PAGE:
Traditionally, advisors have tried reduce or eliminate clients’ debts by the time retirement is upon them. But while there is clearly a difference between the types of debt to which a retiree might be subject, there is often no distinction made between these various debts in pursuit of this goal. Instead, there is just a simple, focused effort on “getting rid of debt” before retirement.
With so many clients focused on what has become an almost universal goal — and not without reason — it would seem almost blasphemous to suggest a client go the opposite route and take on more debt in retirement. That, however, may not be as crazy an idea as it sounds, particularly with respect to reverse mortgages.
Related: 7 ways retirees can make money
Reverse mortgages, which at one point were expensive and viewed as the Wild West of loans, have come a long way in recent years, thanks to increased regulation and consumer scrutiny. Whereas in the past such loans were really only beneficial as an option of last resort, today they can be valuable tools in a variety of situations and can aid in making sure clients meet their retirement goals.
Reverse loans are available in a variety of forms, including as a:
Line of credit (increases over time)
Term payment (similar to period-certain annuity)
Tenure payment (similar to life annuity)
Combination loan (two or more of the above options); and
Of all of the above options, the line of credit reverse mortgage could be the most valuable in terms of planning opportunities today. Such loans can be used to great effect in a variety of ways. For instance, in the event of a significant market correction that leads to a substantial decrease in portfolio assets, using a reverse mortgage line of credit can help clients meet their income needs while avoiding tapping their portfolio at an inopportune time in the market cycle.
Such loans can also help meet significant expenses, such as long-term care costs, in the event a client does not have adequate coverage otherwise. Today’s low-rate environment only amplifies the benefits of this planning option.
Whereas in the past reverse mortgages were only beneficial as a last resort, today they can be valuable tools in a variety of situations and can aid in ensuring clients meet their retirement goals. (Photo: Thinkstock)
7 attributes of reverse mortgages
While the reverse mortgage strategy won’t be right for everyone, advisors should be aware of the basic rules and principles so that they can determine if it’s an approach worth exploring. Key aspects of the reverse mortgage line of credit include:
Borrowers must be at least 62
The borrower must own the home outright or repay existing loans with reverse mortgage proceeds
The loan is not required to be paid back until the borrower dies, sells or otherwise vacates the home (certain spousal protections also exist)
The loan is a non-recourse loan (the only collateral is the home)
The borrower is responsible for all upkeep on the property, including HOA fees, insurance and property taxes
Loan proceeds are non-taxable; and
Interest accrues only on borrowed amounts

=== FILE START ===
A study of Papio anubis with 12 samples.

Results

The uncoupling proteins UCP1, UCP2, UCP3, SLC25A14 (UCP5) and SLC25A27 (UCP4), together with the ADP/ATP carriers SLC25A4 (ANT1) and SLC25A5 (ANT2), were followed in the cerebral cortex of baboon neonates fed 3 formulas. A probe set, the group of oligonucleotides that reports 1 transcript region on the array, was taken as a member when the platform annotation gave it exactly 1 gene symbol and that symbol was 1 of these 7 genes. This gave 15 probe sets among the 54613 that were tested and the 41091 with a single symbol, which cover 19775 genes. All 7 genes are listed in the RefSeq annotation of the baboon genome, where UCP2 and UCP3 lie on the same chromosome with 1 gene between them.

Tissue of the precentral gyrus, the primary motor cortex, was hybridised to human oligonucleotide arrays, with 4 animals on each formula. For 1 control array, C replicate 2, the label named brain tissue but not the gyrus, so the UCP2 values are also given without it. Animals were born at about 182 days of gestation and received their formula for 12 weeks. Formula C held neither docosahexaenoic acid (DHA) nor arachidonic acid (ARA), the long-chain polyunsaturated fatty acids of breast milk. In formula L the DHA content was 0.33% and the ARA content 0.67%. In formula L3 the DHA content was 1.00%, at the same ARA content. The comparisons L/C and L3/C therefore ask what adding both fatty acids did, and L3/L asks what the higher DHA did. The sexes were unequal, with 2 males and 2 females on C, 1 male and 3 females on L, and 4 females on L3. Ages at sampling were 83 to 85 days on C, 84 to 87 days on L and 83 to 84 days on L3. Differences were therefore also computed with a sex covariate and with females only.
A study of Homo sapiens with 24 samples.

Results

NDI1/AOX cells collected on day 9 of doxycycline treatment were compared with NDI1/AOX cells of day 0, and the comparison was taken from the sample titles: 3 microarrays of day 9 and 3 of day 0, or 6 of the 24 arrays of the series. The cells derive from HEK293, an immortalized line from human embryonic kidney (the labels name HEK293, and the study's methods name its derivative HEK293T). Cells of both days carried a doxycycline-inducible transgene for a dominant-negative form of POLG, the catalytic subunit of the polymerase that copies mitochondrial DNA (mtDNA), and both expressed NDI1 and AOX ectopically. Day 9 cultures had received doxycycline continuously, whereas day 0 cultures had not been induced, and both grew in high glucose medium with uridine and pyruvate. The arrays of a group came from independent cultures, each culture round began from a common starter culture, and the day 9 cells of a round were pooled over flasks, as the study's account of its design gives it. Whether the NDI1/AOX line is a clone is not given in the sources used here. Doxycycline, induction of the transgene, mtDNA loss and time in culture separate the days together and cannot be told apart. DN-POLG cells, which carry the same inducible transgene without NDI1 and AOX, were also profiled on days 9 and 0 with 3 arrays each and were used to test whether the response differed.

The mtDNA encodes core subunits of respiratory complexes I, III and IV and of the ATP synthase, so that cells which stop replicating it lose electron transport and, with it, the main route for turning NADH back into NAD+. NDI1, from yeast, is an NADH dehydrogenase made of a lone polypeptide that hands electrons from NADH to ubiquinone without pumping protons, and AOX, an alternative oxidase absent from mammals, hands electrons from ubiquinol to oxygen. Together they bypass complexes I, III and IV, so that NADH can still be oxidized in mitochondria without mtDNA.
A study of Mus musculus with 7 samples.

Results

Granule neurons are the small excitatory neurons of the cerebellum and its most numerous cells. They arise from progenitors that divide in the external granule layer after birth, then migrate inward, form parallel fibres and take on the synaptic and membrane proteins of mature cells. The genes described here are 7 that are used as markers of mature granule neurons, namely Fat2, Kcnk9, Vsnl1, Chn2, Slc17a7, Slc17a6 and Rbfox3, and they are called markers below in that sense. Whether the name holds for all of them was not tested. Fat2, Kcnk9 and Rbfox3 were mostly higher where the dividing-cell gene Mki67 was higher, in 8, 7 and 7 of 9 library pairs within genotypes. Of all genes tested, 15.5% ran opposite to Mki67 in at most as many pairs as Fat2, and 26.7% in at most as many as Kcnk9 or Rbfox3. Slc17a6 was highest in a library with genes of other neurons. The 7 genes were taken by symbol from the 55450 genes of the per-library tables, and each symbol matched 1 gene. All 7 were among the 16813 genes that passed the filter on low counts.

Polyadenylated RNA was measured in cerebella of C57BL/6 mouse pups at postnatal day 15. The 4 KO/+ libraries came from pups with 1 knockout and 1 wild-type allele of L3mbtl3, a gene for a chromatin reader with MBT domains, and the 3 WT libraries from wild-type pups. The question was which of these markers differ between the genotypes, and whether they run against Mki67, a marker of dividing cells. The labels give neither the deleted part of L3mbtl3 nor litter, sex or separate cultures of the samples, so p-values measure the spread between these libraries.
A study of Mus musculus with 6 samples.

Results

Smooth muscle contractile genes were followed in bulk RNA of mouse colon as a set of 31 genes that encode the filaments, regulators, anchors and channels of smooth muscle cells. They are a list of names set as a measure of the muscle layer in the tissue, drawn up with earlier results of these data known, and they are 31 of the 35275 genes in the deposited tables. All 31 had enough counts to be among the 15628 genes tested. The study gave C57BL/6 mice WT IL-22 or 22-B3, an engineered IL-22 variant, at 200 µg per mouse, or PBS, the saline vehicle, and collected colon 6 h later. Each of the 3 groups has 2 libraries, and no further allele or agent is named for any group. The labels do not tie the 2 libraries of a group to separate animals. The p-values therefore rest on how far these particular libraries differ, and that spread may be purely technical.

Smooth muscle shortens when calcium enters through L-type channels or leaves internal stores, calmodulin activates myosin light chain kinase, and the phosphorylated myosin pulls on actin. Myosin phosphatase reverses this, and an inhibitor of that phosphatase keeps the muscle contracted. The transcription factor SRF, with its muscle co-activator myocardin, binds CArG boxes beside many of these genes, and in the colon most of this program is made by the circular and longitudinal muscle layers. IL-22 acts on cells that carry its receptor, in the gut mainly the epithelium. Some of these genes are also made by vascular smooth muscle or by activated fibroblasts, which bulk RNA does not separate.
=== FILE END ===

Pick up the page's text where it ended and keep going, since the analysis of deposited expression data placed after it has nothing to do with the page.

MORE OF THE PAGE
So what does it cost to establish a reverse mortgage? It depends on how the loan is set up. In many situations, up-front mortgage insurance premiums today are just 20 percent of what they were in the past. Closing costs can be a significant expense similar to traditional mortgages, but may be rolled into the mortgage. As with traditional loans, clients would be best advised to obtain quotes from multiple sources.
For clients uninterested in reverse mortgages, but who like the idea of being able to tap home equity to avoid dipping into portfolio assets during a correction, home equity lines of credit (HELOCs) can be an alternative approach. However, clients should be aware that qualifications for such loans may be more stringent and, perhaps more importantly, HELOCs can be frozen, reduced or cancelled, but reverse mortgage cannot.
For many advisors, there’s an additional concern when discussing reverse mortgages: compliance. Unfortunately, this is one area where the math, the planning and the logical option may not align with industry regulations or company policies. Simply put, advisors need to know the limitations that apply to them and must stay within those boundaries.
For those advisors with the flexibility to be able to discuss such matters though, strong consideration should be given to exploring reverse mortgages for clients, especially during the current low interest rate environment. The younger a client secures a reverse mortgage and the lower the interest rate, the greater the long-term benefit of the reverse mortgage.
When discussing such matters with clients, advisors should be prepared to encounter resistance due to the widely held negative views of reverse mortgages, which many clients are likely to share. Be prepared to discuss what changes have occurred and why today’s reverse mortgages are not like those of the past.
And keep in mind that, with respect to the HELOC-like reverse mortgages discussed above, the younger a client, and the lower the interest rate, the more such a strategy may make sense. To that end, if you have a client in their early 60s today, you have to ask yourself, “When will there ever be a better time?”
Bottom line: Like most everything else, this strategy won’t make sense for everyone, but using reverse mortgages as portfolio buffers and emergency reserve funds instead of as the traditional retirement income replacement vehicle can make a lot of sense. Doing so will help ensure that interest expenses are kept to a minimum, but also protect against portfolio assets eroding prematurely because of poor timing.